If you’re feeling pressed for time, you’re not alone. Surveys show most working Americans feel that way. But what if there were a way to expand those precious minutes and hours? Research suggests there may be one: Elicit a sense of awe.
Experiencing something awe-inspiring—whether it’s the Grand Canyon, a soaring cathedral, or a Puccini aria—can expand perceptions of time, enhancing quality of life. The key, says Stanford’s Jennifer Aaker, a professor of marketing at Stanford Graduate School of Business and co-author of a new paper on the subject, is that awe makes us feel small, not larger than life, the way happiness can. “When you feel small, there’s a reapportioning of what’s out there,” she says. “Time is reapportioned also.”
The study, for the journal Psychological Science, defines awe as something that is both vast (in size, scope, number, ability, or importance) and capable of altering one’s view of the world. To calculate the effects of awe on how people perceive and use time, Aaker—along with lead author Melanie Rudd of Stanford Graduate School of Business’ PhD program, and Kathleen D. Vohs, a professor at the University of Minnesota’s Carlson School of Management—conducted three experiments. In the first, they sought to assess whether awe would be more likely than happiness to enhance the perception of available time. They asked 63 students to watch a 60-second television ad. One group watched a commercial depicting people encountering “awesome” images—waterfalls, whales, and space exploration. The other group watched a commercial that showed individuals crossing paths with a parade of happy, brightly dressed people tossing confetti. After, they all rated their agreement with a series of beliefs, including four key variations on the idea: “I have lots of time in which I can get things done.”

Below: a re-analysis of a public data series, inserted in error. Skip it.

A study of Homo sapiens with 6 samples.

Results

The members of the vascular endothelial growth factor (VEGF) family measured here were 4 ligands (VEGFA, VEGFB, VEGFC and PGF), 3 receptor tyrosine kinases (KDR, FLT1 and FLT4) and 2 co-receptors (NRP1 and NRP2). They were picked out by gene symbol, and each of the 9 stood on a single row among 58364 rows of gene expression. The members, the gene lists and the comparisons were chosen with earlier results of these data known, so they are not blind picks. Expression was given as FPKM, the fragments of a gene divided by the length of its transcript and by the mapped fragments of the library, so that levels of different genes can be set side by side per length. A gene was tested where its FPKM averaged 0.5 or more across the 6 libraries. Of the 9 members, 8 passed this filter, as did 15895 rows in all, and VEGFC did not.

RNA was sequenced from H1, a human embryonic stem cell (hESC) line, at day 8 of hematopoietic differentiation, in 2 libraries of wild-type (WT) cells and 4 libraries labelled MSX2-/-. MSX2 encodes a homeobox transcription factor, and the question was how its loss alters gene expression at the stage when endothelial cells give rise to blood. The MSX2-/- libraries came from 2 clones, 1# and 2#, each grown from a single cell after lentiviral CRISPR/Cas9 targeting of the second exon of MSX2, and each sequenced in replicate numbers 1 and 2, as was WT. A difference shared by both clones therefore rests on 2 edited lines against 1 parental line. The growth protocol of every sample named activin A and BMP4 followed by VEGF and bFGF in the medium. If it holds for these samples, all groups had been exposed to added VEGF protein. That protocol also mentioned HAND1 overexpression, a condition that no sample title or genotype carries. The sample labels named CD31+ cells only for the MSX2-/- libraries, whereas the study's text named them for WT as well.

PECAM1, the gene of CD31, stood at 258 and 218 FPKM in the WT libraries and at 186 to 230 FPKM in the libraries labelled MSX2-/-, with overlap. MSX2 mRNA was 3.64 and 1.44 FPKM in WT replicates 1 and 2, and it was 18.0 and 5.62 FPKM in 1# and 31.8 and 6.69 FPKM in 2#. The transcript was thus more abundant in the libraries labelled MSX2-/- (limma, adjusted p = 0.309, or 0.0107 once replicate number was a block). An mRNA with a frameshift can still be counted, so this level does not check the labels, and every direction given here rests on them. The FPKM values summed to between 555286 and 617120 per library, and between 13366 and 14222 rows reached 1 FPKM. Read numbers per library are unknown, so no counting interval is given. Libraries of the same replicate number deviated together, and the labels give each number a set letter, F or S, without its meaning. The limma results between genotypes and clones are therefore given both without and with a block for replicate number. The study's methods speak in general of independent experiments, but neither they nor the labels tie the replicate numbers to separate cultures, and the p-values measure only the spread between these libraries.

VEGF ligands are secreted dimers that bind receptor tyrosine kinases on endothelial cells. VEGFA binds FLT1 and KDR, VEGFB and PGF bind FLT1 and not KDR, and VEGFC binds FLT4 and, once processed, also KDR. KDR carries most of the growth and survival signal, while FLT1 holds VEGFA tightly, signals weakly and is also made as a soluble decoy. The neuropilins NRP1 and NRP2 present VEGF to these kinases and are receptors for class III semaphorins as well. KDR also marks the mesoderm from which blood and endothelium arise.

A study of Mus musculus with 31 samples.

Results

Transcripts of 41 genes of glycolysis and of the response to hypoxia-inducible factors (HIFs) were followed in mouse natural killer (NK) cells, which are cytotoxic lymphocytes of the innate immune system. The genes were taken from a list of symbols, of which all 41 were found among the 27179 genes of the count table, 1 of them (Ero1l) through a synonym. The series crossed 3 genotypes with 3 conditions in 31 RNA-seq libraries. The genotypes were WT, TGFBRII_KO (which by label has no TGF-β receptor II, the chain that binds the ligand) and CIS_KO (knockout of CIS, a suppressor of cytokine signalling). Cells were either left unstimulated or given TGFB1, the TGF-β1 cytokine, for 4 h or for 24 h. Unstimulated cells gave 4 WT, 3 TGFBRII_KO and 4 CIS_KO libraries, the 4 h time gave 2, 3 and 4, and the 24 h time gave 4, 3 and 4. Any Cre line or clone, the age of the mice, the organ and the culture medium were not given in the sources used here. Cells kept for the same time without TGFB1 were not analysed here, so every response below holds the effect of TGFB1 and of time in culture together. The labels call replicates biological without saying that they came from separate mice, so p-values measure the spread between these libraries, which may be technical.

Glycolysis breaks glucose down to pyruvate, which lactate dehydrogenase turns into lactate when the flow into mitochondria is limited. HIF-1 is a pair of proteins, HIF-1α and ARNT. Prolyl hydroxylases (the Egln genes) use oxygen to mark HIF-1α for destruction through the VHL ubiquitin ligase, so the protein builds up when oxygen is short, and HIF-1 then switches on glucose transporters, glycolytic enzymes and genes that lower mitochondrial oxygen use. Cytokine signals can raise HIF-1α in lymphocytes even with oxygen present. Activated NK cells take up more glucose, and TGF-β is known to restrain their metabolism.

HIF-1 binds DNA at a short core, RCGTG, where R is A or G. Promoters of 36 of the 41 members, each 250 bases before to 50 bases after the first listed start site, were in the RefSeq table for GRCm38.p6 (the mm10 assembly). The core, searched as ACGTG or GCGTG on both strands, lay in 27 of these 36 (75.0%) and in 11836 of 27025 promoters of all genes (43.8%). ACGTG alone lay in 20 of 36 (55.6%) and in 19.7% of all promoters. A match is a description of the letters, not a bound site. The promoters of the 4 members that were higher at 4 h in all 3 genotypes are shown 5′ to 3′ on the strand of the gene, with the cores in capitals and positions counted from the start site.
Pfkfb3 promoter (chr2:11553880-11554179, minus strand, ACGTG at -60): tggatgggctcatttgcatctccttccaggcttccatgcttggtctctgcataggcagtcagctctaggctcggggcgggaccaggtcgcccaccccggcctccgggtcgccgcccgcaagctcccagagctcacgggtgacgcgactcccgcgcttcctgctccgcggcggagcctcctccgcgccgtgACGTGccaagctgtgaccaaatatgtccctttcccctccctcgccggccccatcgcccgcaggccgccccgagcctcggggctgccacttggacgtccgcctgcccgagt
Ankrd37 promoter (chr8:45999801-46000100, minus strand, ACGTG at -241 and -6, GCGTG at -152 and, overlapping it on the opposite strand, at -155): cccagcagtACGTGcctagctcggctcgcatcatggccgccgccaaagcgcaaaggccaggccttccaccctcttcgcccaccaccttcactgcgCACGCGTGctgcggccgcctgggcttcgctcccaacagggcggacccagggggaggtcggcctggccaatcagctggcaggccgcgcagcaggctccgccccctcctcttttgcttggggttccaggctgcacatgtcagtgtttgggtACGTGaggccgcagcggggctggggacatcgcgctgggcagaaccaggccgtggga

Consistently, subjects who had watched the “awe” commercial agreed more strongly with the statements relating to ample time than those who had watched the “happy” ad. “When you feel awe, you feel very present—it captivates you in the current moment,” says Rudd. “And when you are so focused on the here and now, the present moment is expanded—and time along with it.”